Hoosier National Forest assists with national disasters

Guest Columnist

Employees from the Hoosier National Forest assist in suppressing wildfires not only here in Indiana but across the entire country, from the well-known large wildfires in the western United States to lesser known wildfires in the east.

What many people may not know is that these same personnel often respond to other natural and man-made disasters across the country  through local, national and Federal Emergency Management Agency requests to assist local responders and municipalities.  

Many of the trainings, courses and qualifications required for wildfire suppression lend themselves to other disasters. This, coupled with the ability to quickly mobilize a large number of trained personnel makes Forest Service personnel well-suited for disaster relief.   

Throughout my career with the federal government, I have responded to a number of different types of disasters, including wildfires, the space shuttle Columbia recovery, the Gulf Oil Spill cleanup, Hurricane Katrina relief and numerous tornado cleanup efforts.  Other disasters that forest personnel have responded to include the Twin Tower disaster in New York City and Super Storm Sandy relief.  Forest Service personnel possess a wide variety of skills and expertise for disaster-relief efforts.

When mobilized for disasters, I have worked in various capacities. I’ve served as a technical specialist during the Gulf Oil Spill disaster to help identify affected areas,  worked with crews to ensure proper protocol was followed and trained others on safe ATV use in urban areas. I’ve also acted as a liaison for local fire departments during tornado disaster relief efforts to ensure that the local responders had all of the equipment they needed.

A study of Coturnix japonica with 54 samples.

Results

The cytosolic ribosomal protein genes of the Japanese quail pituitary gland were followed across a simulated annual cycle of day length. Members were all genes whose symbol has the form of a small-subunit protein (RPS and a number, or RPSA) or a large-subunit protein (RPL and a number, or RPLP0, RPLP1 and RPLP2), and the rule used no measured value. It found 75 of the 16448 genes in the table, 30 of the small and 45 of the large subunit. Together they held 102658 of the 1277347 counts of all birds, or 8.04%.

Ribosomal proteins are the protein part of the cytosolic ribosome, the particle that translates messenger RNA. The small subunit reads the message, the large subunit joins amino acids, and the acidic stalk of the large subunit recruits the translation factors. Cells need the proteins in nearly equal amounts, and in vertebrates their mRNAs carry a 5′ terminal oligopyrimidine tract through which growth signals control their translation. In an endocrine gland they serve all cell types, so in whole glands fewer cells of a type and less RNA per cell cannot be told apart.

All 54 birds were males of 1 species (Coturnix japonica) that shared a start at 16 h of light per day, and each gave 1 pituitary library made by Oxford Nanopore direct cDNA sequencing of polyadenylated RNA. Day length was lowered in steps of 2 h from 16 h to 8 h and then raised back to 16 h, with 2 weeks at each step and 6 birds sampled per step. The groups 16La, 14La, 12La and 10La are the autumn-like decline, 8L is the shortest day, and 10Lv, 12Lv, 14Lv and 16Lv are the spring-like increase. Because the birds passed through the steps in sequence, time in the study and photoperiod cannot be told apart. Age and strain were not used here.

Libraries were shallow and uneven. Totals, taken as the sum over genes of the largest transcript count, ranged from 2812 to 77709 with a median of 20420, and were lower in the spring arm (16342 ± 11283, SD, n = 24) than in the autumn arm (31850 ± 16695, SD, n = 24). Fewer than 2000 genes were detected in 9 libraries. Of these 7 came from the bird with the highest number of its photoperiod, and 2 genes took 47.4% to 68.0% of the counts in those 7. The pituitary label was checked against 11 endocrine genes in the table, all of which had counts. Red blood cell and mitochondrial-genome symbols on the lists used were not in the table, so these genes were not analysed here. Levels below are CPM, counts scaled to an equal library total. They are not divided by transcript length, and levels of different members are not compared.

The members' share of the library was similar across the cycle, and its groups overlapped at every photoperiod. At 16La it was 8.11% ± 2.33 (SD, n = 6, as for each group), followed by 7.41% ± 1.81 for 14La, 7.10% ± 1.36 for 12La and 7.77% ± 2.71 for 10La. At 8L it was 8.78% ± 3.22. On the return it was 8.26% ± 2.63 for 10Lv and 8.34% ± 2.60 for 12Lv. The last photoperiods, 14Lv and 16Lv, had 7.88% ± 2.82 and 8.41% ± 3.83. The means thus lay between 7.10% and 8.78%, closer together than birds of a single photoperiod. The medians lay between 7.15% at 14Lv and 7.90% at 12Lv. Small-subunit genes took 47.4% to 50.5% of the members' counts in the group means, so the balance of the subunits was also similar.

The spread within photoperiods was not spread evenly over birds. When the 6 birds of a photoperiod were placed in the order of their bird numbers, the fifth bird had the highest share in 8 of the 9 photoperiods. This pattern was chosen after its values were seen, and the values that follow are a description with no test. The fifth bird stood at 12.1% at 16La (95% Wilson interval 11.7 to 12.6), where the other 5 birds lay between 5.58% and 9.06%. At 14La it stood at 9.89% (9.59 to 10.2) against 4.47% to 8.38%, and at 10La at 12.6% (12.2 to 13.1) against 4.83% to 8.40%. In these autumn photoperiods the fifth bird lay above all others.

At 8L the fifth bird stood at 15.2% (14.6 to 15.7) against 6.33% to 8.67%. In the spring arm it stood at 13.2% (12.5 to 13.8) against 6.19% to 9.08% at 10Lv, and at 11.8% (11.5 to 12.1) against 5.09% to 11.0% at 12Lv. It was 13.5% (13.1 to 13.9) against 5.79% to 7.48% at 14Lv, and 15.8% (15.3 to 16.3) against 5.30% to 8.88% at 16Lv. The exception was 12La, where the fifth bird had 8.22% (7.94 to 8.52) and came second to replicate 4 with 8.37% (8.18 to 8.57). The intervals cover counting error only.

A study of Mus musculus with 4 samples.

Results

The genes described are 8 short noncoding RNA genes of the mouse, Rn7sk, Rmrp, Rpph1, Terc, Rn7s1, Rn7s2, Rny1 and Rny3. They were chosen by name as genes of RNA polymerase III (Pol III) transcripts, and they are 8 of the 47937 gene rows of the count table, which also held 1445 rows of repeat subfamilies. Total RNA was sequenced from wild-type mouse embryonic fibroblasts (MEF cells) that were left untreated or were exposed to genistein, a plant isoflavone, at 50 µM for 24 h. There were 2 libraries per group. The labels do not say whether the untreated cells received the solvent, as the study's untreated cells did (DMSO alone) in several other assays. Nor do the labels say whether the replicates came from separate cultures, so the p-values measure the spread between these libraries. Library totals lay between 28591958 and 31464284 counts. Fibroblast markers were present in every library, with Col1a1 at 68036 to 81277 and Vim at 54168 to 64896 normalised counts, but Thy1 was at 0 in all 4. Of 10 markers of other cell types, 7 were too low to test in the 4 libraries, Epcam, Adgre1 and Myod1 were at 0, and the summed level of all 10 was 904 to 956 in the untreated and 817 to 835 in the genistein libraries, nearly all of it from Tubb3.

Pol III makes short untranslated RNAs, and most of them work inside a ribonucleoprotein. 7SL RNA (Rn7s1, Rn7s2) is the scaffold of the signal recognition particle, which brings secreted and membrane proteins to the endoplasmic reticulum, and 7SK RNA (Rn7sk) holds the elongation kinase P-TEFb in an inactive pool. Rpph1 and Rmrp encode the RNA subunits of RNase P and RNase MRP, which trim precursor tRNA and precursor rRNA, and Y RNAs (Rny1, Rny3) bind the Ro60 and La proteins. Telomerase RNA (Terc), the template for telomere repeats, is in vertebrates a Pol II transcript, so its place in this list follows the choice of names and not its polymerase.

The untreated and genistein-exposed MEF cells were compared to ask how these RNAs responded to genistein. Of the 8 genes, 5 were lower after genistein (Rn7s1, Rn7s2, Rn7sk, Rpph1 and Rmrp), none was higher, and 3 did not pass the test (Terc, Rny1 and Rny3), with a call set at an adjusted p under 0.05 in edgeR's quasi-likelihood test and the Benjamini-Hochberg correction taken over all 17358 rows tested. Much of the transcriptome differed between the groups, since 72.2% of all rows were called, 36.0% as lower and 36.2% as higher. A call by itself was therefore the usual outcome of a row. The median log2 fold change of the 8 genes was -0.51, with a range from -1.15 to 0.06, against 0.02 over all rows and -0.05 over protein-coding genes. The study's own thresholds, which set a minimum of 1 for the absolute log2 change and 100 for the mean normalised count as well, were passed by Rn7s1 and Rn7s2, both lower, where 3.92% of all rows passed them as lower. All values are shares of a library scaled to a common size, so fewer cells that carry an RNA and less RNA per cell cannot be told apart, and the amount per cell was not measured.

Other personnel from the Hoosier National Forest have assisted in national disasters as law-enforcement officers, archeologists, finance and logistical support, safety officers, environmental specialists and in many other capacities.

When personnel respond to these disasters, they may be away from their families and work stations for up to three weeks, living and working in conditions that are far from ideal.  Many times, crews are camping with up to 2000 other people, using outhouses and eating from catering trucks.  

Due to the nature of disasters, many of the amenities that we are used to, such as drinking water and electricity, have been disrupted and are not available. These goods must be shipped in for responders and residents, making logistics one of the most important aspects.  That fact, coupled with attempts to help people and animals that have been displaced, can lead to some very trying assignments.

Families of these responders are left at home to cope with running households and bearing the burden of their spouses being away on assignments.

While on assignment, forest personnel offer up their expertise while working with local responders who impart their local knowledge, making for a great partnership. This, as well as working with other federal employees, are the best parts of the assignments.

Hoosier National Forest personnel continue to respond to disasters throughout the country, leaving with short notice to help wherever they are needed on a multitude of natural disasters. 

Henry is an engine captain for the Hoosier National Forest.